Two women filed a proposed class-action lawsuit on Monday, December 5, in the United States District Court for the Northern District of California against Apple, the makers of AirTags.
Airtags are a small Bluetooth-enabled devices designed to track personal belongings. The suit accuses the company of failure to introduce measures to combat abuse of the technology as stalkers have and continue to use AirTags to track people. Both claimed their ex-partners did just that.
Lauren Hughes, one of the plaintiffs, learned she was being tracked in August 2021 after ending a three-month relationship. According to The New York Times, Hughes's stalker sent her threatening voicemails and made abusive posts on social media. She moved to a hotel after receiving plants from her stalker at her doorstep.
At the hotel, she received an iPhone notification that an unknown AirTag had been traveling with her. Eventually, Hughes found it in the wheel well of her car tire, colored with a Sharpie marker and wrapped in a plastic bag to disguise it. Discovering the AirTag "terrified" her.
Hughes then found a new home, but months later, her stalker shared a picture of a taco truck in her new neighborhood, captioned with a winky emoji and the text "#airt2.0", the suit said. This, the suit alleges, showed the stalker's continued use of the AirTag to track Hughes.
"Ms. Hughes continues to fear for her safety—at minimum, her stalker has evidenced a commitment to continuing to use AirTags to track, harass, and threaten her, and continues to use AirTags to find her location," the suit said.
The second plaintiff, referred to as Jane Doe in the court papers, alleged that her ex-husband was stalking her when she found an AirTag planted in her child's backpack. She got rid of it, but it was replaced with another.
"In the wake of a contentious divorce, she found her former spouse harassing her, challenging her about where she went and when, particularly when she was with the couple's child," the suit said.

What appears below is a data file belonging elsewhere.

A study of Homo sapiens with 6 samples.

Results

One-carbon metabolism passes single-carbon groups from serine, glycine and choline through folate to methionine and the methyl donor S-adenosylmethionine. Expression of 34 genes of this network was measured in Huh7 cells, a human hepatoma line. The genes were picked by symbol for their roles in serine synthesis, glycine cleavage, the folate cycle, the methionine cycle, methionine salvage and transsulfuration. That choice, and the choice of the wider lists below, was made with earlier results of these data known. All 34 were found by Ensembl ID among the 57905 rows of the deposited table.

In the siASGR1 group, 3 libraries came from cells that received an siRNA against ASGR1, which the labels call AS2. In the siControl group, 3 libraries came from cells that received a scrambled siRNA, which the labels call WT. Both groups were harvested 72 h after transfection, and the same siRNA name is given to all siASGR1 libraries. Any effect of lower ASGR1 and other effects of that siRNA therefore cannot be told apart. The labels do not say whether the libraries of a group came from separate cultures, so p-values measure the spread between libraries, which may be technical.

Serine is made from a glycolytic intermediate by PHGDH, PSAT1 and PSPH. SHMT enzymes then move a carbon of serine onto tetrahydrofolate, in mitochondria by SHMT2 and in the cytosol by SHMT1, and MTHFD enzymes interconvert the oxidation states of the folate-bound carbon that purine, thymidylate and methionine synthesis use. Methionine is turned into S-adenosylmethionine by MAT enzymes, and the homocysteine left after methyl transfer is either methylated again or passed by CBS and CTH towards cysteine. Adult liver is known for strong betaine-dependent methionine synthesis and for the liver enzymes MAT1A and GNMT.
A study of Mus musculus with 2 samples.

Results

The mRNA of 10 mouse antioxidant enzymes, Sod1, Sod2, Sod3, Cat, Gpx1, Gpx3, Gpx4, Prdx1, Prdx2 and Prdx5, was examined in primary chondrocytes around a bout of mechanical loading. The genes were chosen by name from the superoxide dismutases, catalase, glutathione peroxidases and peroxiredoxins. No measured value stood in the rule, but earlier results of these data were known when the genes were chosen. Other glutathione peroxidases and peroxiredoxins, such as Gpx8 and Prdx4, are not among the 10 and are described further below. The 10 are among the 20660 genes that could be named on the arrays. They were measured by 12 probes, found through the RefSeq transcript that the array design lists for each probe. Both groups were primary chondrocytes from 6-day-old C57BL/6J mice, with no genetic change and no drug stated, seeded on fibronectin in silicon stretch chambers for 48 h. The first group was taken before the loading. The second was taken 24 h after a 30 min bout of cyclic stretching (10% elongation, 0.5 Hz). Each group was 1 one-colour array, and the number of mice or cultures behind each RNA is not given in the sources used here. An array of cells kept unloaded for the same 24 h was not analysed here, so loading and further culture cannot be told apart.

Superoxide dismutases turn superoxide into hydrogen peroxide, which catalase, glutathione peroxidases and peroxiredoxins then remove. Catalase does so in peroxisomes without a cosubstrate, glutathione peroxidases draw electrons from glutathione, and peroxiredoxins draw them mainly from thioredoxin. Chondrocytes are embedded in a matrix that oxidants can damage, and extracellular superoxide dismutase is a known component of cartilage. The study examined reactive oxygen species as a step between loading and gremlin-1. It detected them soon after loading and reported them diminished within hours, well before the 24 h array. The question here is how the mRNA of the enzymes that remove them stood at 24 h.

Apple introduced the AirTag in April 2021, with executives and publicists actively portraying the AirTag as a "harmless—indeed 'stalker-proof'"—product, the suit said. It's been a controversial product since its release and has raised concerns among privacy advocates and law enforcement that it could be misused to track people. And, true enough, AirTags have been used in stalking incidents, even murder, and theft of luxury cars.
In a blog post in February, Apple said it would add more safeguards to AirTags to curb unwanted tracking. Apple said it has been working with law enforcement to update the device's safety warnings, such as providing a privacy warning when using AirTags for the first time.
An Apple spokesperson also pointed to the February blog post about the company's stance on unwanted tracking:
"AirTag was designed to help people locate their personal belongings, not to track people or another person's property, and we condemn in the strongest possible terms any malicious use of our products. Unwanted tracking has long been a societal problem, and we took this concern seriously in the design of AirTag."
The suit, however, alleges that Apple's safeguards were "woefully inadequate, and do little, if anything, to promptly warn individuals if they are being tracked."
Hughes and Doe are seeking a jury trial with no monetary damages.